WHILE WE HAVE NO inside information to give you, we have covered enough CRTC hearings featuring the current crop of Bell executives and regulatory folks to guess at what the thrust of their presentation will be when they face the panel of CRTC commissioners in Montreal come September 10th.
They are probably going to ask what all the fuss is about. The media industry has consolidated at a rapid pace with the likes of Bell, Rogers, Shaw, and Quebecor owning significant carrier as well as media assets. With one more company, Astral Media, assimilated into Bell – with a share of total audience just under the CRTC’s pain threshold, according to Bell – seriously, what’s the big deal, is what we surmise BCE’s folks will ask.
However, poring over Bell’s submission and some of the many interventions filed while viewing the ongoing publicity war between the factions of yes, no, and somewhere in between, I’m imagining myself up on that Commission panel and I’ve got a few questions of my own for BCE:
1. When counting English Television audience share of the new, combined Bell-Astral, why should the CRTC change its practice from counting only the Canadian-owned channels to counting all English-language channels, including the U.S. networks and specialties? Is it just so the level of viewership falls under 35% instead of surpassing 40% as those who have lined up in opposition to the deal have insisted is a real problem? Why should we count CNN, Spike, TLC and others?
2. And for that matter, why shouldn’t we count the audience share of co-owned assets Historia, Series+ and Teletoon/Télétoon, just because they aren’t 100%-owned. They contribute to the value of the company and in the case of Historia and Series+, are run by Astral. Why should they be left aside when counting viewers and judging the value of the transaction and the benefits package?
3. If we decide to maintain the status quo and count just the English Canadian channels AND that of the co-owned assets, bringing your audience share north of our pre-set danger zone, are you prepared to divest certain assets, such as the CTV Two network, which you have threatened to walk away from on numerous occasions anyway – and/or your 50% of Teletoon – so that your level of viewership in English Canada drops to a share we are more comfortable with? Would Bell be prepared to divest all of Astral’s English television assets, as proposed by Rogers Communications?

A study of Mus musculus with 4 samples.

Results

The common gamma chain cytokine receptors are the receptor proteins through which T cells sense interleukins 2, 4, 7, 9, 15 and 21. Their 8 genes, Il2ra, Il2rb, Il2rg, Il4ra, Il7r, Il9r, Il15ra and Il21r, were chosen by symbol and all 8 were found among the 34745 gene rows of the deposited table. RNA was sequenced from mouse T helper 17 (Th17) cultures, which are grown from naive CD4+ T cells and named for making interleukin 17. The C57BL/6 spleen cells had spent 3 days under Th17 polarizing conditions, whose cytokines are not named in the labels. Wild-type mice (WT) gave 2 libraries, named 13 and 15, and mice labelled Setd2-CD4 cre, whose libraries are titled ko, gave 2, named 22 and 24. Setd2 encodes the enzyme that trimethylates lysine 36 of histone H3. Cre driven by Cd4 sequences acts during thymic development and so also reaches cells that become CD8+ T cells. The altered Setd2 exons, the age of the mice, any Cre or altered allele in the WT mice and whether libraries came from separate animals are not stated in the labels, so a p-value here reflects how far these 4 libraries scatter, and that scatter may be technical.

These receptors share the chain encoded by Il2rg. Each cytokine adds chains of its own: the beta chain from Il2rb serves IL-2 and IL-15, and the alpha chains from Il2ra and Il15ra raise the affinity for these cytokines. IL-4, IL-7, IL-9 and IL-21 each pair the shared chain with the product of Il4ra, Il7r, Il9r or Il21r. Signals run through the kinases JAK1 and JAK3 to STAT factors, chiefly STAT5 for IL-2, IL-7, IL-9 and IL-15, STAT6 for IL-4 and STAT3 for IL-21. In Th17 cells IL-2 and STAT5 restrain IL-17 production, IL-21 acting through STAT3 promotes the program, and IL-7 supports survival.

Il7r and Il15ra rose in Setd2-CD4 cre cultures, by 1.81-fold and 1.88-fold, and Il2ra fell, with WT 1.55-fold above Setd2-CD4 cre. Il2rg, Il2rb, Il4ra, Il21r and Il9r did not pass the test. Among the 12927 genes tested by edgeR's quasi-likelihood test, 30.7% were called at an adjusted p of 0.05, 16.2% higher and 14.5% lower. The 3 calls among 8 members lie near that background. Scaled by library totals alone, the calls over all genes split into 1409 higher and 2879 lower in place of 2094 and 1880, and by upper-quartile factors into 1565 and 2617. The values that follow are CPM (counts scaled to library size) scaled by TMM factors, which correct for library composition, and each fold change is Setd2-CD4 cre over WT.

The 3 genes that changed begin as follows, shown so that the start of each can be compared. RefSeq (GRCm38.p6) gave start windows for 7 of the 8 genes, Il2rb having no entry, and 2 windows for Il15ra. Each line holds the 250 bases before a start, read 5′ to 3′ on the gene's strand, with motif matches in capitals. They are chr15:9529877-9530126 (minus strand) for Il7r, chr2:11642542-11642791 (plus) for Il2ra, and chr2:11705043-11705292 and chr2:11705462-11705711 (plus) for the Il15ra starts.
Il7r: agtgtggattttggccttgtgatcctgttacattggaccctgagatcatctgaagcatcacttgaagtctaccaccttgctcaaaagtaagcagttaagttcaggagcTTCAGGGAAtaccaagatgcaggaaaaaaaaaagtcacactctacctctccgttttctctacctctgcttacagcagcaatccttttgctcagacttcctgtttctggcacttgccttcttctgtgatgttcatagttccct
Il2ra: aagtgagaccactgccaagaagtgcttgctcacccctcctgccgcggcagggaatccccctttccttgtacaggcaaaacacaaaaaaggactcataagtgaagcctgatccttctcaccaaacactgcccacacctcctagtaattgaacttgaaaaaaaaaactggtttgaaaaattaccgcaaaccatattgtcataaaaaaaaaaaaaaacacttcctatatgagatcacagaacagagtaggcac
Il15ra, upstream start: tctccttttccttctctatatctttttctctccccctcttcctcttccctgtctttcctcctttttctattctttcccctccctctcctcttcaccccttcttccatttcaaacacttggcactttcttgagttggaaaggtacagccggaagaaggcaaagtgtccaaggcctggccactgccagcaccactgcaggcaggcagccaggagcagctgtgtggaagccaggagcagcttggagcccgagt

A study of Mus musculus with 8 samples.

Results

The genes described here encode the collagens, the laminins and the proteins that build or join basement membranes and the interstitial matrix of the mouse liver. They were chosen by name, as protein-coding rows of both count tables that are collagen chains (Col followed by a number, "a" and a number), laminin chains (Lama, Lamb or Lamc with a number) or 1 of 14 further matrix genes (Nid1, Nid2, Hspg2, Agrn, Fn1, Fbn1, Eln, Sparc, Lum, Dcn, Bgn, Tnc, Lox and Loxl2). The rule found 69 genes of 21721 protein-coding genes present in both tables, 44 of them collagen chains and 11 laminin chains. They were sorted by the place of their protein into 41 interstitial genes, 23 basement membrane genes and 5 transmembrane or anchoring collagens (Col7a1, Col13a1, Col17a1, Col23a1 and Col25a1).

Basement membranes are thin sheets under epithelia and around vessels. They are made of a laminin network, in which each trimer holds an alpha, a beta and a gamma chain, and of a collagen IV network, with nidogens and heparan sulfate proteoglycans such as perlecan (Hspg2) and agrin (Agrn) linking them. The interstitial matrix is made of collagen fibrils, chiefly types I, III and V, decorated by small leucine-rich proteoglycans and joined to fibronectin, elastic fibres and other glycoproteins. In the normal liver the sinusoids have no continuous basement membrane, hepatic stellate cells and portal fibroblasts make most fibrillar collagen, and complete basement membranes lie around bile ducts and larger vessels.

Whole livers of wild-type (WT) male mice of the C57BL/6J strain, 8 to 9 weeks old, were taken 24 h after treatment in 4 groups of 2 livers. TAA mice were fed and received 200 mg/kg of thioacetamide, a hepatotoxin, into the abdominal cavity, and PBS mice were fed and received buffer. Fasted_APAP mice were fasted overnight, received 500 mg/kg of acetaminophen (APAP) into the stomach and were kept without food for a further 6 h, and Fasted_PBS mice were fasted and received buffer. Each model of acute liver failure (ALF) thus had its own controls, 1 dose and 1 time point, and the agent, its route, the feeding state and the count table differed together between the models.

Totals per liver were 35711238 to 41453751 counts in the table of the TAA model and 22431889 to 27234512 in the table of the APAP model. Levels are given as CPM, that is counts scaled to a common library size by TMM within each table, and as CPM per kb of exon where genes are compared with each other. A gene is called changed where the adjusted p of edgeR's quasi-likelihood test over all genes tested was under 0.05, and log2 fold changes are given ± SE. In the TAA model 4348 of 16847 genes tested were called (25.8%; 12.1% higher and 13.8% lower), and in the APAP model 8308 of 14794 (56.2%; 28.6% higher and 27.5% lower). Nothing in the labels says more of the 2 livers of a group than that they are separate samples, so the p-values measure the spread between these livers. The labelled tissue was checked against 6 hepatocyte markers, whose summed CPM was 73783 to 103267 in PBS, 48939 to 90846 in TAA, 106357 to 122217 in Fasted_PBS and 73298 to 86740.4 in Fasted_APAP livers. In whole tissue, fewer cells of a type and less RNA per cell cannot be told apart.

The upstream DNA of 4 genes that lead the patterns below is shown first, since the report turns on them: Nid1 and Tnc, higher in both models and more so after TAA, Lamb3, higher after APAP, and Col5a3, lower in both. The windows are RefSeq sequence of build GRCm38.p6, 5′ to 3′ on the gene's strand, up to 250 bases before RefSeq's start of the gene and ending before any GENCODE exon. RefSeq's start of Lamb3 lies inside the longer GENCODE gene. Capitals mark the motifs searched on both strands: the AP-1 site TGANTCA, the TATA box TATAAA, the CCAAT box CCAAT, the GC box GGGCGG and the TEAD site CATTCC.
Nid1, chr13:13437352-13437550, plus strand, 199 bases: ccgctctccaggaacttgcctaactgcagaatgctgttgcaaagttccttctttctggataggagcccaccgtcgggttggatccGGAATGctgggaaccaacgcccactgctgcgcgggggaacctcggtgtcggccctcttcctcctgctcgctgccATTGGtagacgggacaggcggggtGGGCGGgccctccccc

4. Please explain why in the world $40 million worth of benefits money coming from a purchase of a pay-TV and radio company should be directed to building out broadband in the far north by Northwestel? We realize prior Commission panels let both yourselves and Shaw Communications direct some of prior benefits package spending to building out digital television infrastructure and you are trying to couch this shift of monies to the North as something similar. But it’s not television. It’s broadband.
While we let Shaw, for example, use many millions to build DTV transmitters they said would not get built without those funds, it was about digital OTA TV, where there is no competitive retail market like there is with wireless and broadband. This is far different because the likes of SSi Group, Iristel and Ice Wireless are trying to build a competitive marketplace in retail wireless and broadband in the far north. Can you explain how this $40 million won’t distort the market there and why you are trying to use the benefits from this media acquisition to help fund necessary upgrades this Regulator has already demanded your company perform?
5. Let’s talk exclusive content. Some the intervenors have accused Bell Media of offering “outrageous” contract terms when it came to access to mobile content such as the Olympics by other wireless providers. Can you please discuss those terms and explain why Bell Media doesn’t think them to be outrageous – and how those terms do not contradict our policy on vertical integration?
Further to that question, other intervenors claim Bell has been slow, or outright denied other BDUs access to the non-linear rights of popular programming for showing on video on demand or mobile platforms. Is this true? How would you characterize those negotiations and how can you ensure Canadians will have access to popular content even if they are not Bell TV or Bell Mobility subscribers? Besides, Bell has stated consistently it wants its content to be available as widely as possible, but its advertising during the Olympics made it quite clear that mobile content was available “only from Bell”. Can you reconcile those two statements for us?
What would you ask Bell if you were a CRTC commissioner? Send us what you want to ask. We’ll run them if they're good questions – and we’ll keep your name out of it if you want. Send 'em in to email@example.com.